After creating my wardrobe mood board and realizing the dominant color was a shade of blue that wasn’t represented in my current closet, the racks at the thrift shops became a sea of blue! Proof that shopping with a plan works…especially when diving into the donation thrift, which can be an overwhelming amount of options. I have so much love for the hunt that giving up shopping new fast fashion didn’t cure me of over buying inexpensive second hand things that didn’t earn their space in my closet. This $2 shibori look skirt, however, was money well spent and fits in with my wardrobe goals. The color, print and silhouette are on point.
I fell in love with the fabric at first sight, knew the skirt wouldn’t fit as is, but could see there was plenty of fabric to re-style into a midi skirt that would. This was a pretty straight forward project that was complete in an afternoon. Here’s what I did:
- Cut the waistband off close to the stitching
- Ironed new waistline of skirt and laid flat
- Marked a line 6″ from the top all the way across and chopped that piece off, leaving a piece of fabric to cut a new waistband from and the skirt portion, already constructed and hemmed
- Basted new waistline in preparation to gather and fit new waistband
- Using my waist measurement, cut a piece of elastic and a new straight waistband
- Stitched elastic together with ends overlapped so it has to stretch slightly to fit
- Serged waistband front and back together at the side seams
- Folded waistband in half and inserted elastic, pinning in place.
- Serged raw edged of folded waistband together
- With right sides together, zig zag stitched waistband to skirt
True to recent form, I did steps 5 – 10 twice. Old habits die hard and I first fit the waistband to my hips, then quickly realized I’d only want to wear it that way with a swimsuit on the beach and the purpose of the skirt was to build my everyday wardrobe. Out came the seam ripper. Repeat steps 5-10. Definitely made the right decision.
Confession: I probably should have lined this. I knew it while working on it, but didn’t have any on hand. Slow is a state of mind that’s hard to remain in while racing against a toddlers nap time. The zig zag stitch finish is sloppy but it’s okay because I’m going to add lining once I get to a fabric store then properly bind the raw edges.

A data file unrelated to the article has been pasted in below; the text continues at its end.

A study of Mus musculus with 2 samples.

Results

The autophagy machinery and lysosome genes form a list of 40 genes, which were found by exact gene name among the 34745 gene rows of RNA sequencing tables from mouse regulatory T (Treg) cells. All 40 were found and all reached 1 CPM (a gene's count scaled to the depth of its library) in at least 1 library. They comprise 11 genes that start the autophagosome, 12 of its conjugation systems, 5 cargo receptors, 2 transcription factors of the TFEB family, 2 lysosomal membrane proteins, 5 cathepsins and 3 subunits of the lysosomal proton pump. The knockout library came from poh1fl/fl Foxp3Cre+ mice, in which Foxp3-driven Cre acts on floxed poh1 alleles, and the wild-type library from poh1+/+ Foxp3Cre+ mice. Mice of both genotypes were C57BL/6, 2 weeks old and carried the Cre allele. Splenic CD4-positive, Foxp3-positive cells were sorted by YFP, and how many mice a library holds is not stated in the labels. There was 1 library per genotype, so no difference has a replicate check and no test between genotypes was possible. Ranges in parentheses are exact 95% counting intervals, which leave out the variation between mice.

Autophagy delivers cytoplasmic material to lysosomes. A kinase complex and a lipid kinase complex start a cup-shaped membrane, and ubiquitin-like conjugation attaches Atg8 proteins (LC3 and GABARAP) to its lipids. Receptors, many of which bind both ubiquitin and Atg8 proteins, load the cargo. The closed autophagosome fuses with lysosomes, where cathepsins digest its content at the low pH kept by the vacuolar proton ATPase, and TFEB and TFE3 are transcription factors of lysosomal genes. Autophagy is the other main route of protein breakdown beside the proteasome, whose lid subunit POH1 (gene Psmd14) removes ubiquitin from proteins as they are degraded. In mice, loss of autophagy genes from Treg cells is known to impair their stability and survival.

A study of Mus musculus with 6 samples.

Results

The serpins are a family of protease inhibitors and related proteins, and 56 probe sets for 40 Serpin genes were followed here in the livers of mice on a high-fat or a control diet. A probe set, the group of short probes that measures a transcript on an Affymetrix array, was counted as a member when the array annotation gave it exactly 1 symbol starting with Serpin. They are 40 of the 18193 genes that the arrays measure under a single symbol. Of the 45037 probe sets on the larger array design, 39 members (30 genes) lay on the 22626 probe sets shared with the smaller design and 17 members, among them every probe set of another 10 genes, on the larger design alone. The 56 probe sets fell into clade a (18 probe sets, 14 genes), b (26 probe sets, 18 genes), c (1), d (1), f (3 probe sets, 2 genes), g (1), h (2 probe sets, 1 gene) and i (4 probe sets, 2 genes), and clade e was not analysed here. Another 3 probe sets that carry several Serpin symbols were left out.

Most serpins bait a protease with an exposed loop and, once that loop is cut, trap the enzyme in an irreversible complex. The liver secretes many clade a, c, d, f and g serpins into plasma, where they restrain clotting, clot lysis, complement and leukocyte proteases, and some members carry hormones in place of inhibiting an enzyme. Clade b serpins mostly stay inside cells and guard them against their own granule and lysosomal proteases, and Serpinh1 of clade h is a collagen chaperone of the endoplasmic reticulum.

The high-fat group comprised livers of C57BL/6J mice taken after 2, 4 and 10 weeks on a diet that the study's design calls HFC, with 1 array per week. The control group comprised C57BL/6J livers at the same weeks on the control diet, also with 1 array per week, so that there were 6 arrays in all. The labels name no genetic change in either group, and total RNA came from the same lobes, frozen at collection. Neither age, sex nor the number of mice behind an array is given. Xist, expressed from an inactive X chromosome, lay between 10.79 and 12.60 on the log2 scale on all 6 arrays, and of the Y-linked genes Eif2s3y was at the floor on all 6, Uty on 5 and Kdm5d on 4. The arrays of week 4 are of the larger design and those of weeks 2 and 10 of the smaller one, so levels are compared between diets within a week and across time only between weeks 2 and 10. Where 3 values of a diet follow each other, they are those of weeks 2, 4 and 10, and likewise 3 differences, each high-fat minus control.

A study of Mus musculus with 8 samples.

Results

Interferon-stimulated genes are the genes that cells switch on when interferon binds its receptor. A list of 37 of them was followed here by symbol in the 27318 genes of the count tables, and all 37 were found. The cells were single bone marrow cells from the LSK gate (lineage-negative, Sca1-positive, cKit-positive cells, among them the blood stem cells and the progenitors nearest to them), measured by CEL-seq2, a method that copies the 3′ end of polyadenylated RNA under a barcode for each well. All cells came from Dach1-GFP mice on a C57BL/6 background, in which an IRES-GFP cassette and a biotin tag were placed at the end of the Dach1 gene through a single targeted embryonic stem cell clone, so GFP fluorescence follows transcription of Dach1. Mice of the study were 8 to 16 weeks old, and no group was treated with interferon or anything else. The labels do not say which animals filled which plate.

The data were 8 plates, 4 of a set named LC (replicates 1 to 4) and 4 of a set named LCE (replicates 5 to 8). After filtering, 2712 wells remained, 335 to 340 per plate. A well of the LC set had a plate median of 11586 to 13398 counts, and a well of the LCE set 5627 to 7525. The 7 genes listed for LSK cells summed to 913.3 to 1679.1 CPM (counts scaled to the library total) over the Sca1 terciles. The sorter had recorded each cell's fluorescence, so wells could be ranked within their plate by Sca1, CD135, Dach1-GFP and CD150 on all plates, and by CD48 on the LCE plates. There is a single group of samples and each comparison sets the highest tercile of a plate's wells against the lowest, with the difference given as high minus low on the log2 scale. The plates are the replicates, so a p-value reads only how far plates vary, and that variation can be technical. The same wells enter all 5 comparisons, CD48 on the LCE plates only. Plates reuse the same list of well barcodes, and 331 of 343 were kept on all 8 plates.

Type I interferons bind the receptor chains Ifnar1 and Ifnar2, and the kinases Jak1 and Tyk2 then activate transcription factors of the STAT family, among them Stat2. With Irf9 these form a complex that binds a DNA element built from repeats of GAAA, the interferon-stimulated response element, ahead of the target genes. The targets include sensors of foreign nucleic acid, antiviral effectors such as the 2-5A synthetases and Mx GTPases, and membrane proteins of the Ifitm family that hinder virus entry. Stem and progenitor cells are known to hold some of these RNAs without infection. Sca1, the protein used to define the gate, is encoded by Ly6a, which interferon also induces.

I LOVE this skirt and I’ve worn it four times already as is, but it has reminded me of an article I once read about the fashion industry taking the ancient art of shibori and turning into a print. I realize one day this skirt should be replaced with a fully handmade version, from the dyeing process to the sewing. In a world where a child didn’t dominate my time, I’d prefer to grow the indigo and make my own vat…but back to my current reality: I’ve ordered a shibori kit from Dharma Trading Co and added the project to the end of my current list. I’ll be wearing this proudly in the meantime though, especially once lined and properly finished to my perfectionist preferences.
Here’s my favorite way I’ve styled it so far. I felt like a million dollars when I wore this on Mothers Day, even though it only cost me six! Bonus: looks pulled together, feels like pajamas.
- vest (Wet Seal, thrifted years ago, $1)
- shoes (Simple, thrifted, $2)
- cat shirt (thrifted and restyled, $1)
- skirt (thrifted and restyled, $2)
Once upon a time, I wrote enthusiastically about all the slow style posts I was planning on. They haven’t come to fruition, but I’m getting back to work on my original goals for the series and hope to have more thrifting, styling and outfit posts sprinkled in between sewing project features. One new development is this little bro turned 3 and he’s my new photographer! Although, I’m not above mirror selfies in a pinch.